Paquebot Cafés: Merchant ships for flavours
Full-bodied or mellow, latte or espresso, from Brazil, Colombia, Ethiopia... Every year, nearly 75,000 tonnes of coffee pass through the Port of Montreal. What are the steps involved from harvesting the beans to your mug to deliver its full flavour? Interview with Simon-Louis Brosseau Fournier, co-founder of the Paquebot Café chain.
Daring and experience
What’s the perfect blend behind the creation of Paquebot (French for merchant ship) Café, which since 2015 has expanded its cafés to several Montreal neighbourhoods? First and foremost, it’s two friends: Simon, a sommelier—a lover of flavours, accustomed to taste experiments and the search for perfect balance—and Sam, a coffee roaster, a coffee geek, who convinced his friend to embark on the adventure.
At the heart of the project is a flagship product, coffee. From Brazil, Mexico, Ethiopia or Honduras, the still green beans are carefully selected and imported to create the signature products they’ve been known for since their first boutique. Thanks to their own roasting company, ZAB Roaster, their products have become some of the best in town. The team has won four consecutive Th3rdwave Awards for Roaster of the Year.
In contrast to commercial coffee production, Simon seeks the quality of a specialty coffee that: “respects the chain from start to finish. We buy the coffee from small farmers, who work hard to make quality coffee, and we make sure they get paid fair value. We don’t try to buy a cheap coffee and sell it for a high price to make money. And that goes for everything in the chain, right down to the salaries of our baristas. We want to create a friendly place with good energy.”
To find these producers, he works with small, specialized importers who have local expertise: “I deal with smaller producers by choice. I have access to great coffees and I like the more personal relationship.” They send him samples, which he roasts and tastes, before choosing several based on what he wants on his menu.
After the coffee cherries are harvested, they are either naturally dried or pulped to extract the coffee beans. The beans are then washed and stored for about a month, then grinded and brushed before being put into 35-70 kg bags. Next, the coffee is shipped out to sea. The transport time ranges from two to four weeks, and because coffee is a fruit that is harvested in season, the arrival time varies depending on the country of origin. “I make my menu for the coming year. The coffees that are about to come out were purchased this summer, and soon I’ll be buying the ones that will come out this winter.”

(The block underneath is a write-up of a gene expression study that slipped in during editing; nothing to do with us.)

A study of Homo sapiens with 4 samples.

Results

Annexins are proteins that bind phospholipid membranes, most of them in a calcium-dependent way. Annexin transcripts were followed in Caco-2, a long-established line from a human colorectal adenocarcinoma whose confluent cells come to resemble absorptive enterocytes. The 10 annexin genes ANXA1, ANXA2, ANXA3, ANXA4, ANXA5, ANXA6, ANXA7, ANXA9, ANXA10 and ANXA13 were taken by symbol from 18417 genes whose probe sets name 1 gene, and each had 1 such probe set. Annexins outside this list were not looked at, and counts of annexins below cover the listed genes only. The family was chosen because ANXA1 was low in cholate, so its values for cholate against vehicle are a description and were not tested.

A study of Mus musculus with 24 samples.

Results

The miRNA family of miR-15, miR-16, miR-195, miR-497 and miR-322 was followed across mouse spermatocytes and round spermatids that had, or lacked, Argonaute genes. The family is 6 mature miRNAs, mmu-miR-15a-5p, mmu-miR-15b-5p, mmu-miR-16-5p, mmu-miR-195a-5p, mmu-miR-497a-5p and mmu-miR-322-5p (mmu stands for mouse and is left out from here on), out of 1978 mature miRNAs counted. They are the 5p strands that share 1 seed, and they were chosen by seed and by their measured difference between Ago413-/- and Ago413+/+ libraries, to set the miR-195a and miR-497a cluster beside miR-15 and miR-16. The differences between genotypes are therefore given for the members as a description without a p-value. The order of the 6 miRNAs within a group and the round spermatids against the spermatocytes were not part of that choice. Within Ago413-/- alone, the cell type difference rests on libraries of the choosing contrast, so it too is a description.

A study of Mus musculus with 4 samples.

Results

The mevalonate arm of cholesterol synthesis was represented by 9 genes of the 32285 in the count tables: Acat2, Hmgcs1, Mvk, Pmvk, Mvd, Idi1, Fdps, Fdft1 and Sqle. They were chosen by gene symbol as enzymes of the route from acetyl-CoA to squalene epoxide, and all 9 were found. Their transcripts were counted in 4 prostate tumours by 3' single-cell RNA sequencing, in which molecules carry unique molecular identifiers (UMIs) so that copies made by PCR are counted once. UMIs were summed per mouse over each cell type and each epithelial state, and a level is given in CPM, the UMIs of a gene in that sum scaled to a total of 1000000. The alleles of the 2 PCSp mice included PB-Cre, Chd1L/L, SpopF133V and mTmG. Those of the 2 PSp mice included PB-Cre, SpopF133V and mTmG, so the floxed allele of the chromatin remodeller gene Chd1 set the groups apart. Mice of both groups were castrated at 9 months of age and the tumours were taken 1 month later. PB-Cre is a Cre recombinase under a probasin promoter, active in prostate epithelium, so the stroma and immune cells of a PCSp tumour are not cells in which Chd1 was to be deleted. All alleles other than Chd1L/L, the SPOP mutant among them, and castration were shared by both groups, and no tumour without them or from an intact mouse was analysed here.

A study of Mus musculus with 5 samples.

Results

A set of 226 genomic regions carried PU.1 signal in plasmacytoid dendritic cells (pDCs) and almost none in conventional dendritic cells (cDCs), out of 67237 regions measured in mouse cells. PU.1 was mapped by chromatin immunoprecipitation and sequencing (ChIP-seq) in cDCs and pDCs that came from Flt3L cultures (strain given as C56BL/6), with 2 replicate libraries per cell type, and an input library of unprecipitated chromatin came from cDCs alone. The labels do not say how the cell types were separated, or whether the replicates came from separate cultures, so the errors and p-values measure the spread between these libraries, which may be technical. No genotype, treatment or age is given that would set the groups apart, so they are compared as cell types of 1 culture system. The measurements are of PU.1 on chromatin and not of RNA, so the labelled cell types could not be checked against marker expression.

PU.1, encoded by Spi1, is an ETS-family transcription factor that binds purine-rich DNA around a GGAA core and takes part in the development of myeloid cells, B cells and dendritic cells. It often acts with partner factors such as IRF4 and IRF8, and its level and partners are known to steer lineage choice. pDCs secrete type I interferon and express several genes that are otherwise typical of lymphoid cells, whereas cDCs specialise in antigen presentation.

The Brazilian coffee season will soon be upon us. At the Port of Montreal, hundreds of bags from Brazil will be unloaded and shipped to huge temperature-controlled warehouses near the city. As needed, they will be transported to the roasting facilities of the two partners. As a result of their success, the team is opening a new roasting facility in Park Extension. “We’re building a new laboratory, with more equipment and space for great projects,” including two new roasters: a small one to do “lots of tests” and a large one to roast in bigger quantities.
Recipe for success
Once the coffee is delivered, the complex process begins of successfully roasting the still green coffee “to its full potential.” This is where the sommelier’s experience comes into play. “It’s all about tasting, trial and error, finding the perfect balance.” Playing with variations that include time, temperature and dosages, he looks for the best mix of bitterness, acidity and sugar between the body, roundness and sweetness. The different aromas this brings out, such as caramel, hazelnut, bergamot or tangerine, form a palette full of subtlety.
With the experience of one and the bold decisiveness of the other, the two colleagues rely as much on the quality of the product as on the originality of its derivatives to tweak their recipe for success. They have come up with a number of unusual products, such as Nitro Cold Brew, a coffee served in a barrel “like Guinness,” a latte in a barrel and, more recently, a lemonade coffee. “I discovered the concept of lemon coffee in New York. I liked the idea, which linked the bitterness of coffee with sugar and acidity. We had CO2, so we tested and mixed ingredients. The result was perfect! Lively, energetic, sparkling...” and their Cafélimo quickly convinced the skeptics, so much so that it became one of the summer’s hit products.
These appropriately named Paquebot cafés definitely have the wind in their sails! With a staff of about 50 employees and a new home port in the Gaspé Peninsula, the two friends are continuing their adventure, on the lookout for new coffee flavours and spearheading trends.